Shanore News


Wexford, with Vinegar Hill and its National 1798 Rebellion Centre, is the star of that particular effort to gain freedom from British rule. The county had many successes in that uprising. Insurgents captured the towns of Enniscorthy, Wexford, and briefly Gorey. The rebellion ended in Wexford in early July, but it had yet to begin in earnest in County Mayo.

In August of 1798, help arrived from France. The French, long at odds with Britain and eager to spread some ‘liberty, equality and brotherhood’ after their own revolution, had previously failed to land troops in County Cork. But they managed to bring 1,000 soldiers to Killala Bay, County Mayo.

Led by General Jean Joseph Amable Humbert, the troops brought three cannons and other arms with them. The United Irishmen urged locals to join the fight alongside the French, and thousands did. They quickly captured the village of Killala and the larger town of Ballina. The British responded by sending troops to Castlebar, and the rebels rushed to the garrison town to engage. Though greatly outnumbered, the Franco-Irish troops sent the British packing. The loyalist troops fled Castlebar so quickly that the event was dubbed ‘the races of Castlebar’.

For a brief but bright time, the Republic of Connaught reined. British troops had retreated as far as County Longford, and encouraged by their relatively easy victories so far, the rebels pursued them. More volunteers joined them from Counties Longford and Westmeath. But on September 8th, the British managed to surround and defeat the Franco-Irish troops. They massacred 2,000 Irish soldiers and hung two Catholic priests. John Moore, president of the Republic of Connaught,  was captured and died in gaol while awaiting trial. The French were made prisoners of war.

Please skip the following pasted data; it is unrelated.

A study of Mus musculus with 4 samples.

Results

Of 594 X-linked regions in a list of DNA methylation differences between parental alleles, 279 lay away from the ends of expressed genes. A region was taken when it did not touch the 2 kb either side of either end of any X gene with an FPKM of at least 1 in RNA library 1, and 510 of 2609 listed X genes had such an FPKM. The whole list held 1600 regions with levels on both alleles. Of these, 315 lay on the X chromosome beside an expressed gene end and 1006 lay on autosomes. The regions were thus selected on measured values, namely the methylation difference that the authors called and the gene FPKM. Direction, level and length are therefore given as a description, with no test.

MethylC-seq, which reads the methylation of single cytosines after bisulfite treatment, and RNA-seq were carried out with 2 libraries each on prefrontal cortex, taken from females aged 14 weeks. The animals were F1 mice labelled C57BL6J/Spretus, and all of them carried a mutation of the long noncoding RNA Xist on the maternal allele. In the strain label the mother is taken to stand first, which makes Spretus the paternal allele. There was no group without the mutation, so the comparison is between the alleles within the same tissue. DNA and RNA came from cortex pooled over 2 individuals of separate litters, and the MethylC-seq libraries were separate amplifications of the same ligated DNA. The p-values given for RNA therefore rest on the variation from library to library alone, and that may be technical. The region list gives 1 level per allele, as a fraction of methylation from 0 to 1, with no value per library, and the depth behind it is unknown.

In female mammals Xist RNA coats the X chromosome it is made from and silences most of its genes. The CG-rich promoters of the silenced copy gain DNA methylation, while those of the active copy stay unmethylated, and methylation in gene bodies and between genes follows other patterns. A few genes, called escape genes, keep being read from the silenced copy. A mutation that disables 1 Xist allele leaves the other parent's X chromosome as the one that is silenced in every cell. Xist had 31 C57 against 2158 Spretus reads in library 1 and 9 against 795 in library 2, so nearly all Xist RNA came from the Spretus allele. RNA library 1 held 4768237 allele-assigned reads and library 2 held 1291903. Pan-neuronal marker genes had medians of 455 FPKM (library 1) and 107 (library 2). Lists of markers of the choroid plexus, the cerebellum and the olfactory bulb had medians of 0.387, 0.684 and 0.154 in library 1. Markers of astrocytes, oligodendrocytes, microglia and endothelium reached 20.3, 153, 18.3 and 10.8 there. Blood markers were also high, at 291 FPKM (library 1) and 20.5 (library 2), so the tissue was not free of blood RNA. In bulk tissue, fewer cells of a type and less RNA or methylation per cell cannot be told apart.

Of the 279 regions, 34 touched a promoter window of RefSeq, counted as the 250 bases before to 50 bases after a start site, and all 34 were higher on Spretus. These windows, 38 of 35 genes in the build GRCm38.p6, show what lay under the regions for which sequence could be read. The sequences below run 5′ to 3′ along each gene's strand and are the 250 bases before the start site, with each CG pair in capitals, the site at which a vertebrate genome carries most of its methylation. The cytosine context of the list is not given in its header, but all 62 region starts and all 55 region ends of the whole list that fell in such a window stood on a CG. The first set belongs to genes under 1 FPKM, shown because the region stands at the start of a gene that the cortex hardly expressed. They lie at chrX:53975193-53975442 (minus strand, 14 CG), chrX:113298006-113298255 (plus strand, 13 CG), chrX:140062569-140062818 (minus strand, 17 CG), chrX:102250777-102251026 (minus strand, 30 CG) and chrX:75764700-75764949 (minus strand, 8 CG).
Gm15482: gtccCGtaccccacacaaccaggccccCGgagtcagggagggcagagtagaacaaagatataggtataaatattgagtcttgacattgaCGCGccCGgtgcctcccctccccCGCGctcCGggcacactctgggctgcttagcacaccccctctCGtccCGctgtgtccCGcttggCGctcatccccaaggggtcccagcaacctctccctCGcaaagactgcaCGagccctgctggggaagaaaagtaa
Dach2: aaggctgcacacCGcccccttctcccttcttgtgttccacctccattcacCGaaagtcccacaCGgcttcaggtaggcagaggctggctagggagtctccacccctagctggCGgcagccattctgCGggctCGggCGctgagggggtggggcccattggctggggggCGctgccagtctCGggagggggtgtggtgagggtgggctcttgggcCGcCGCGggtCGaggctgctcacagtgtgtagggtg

Legacy of Rebellion in County Mayo

Maybe that brutal oppression is part of the origins of the phrase ‘Mayo, God help us’. But the people of Mayo have shown throughout history that they are well able to help themselves. Those locals who joined the French had little or no military training, yet they managed to send a greater number of experienced and well-equipped British troops fleeing to the midlands.

Grace O’Malley the famous pirate was also from Mayo. Mary Robinson, Ireland’s first female president and former UN High Commissioner for Human Rights, was born in Ballina. She now heads a foundation focused on climate change. One of the leaders of the 1916 Uprising, John McBride, was a Mayo man. The mighty Dr. Kathleen Lynn, suffragette, labor activists and nationalist, hailed from County Mayo. John Wayne, Mel Gibson, Michael Flatley, Daniel Day Lewis and Princess Grace all have roots in Mayo.

Today, County Mayo is a popular destination for Irish and international vacationers. Blessed with Blue Flag beaches (including one at Killala Bay), woodsy walks and charming villages, it is a perfect place to unwind. Westport House offers an ultimate family day out with a historic mansion, an amusement park and beautiful grounds to explore. The county is also home to two of Ireland’s most important religious sites – Croagh Patrick and the Knock shrine.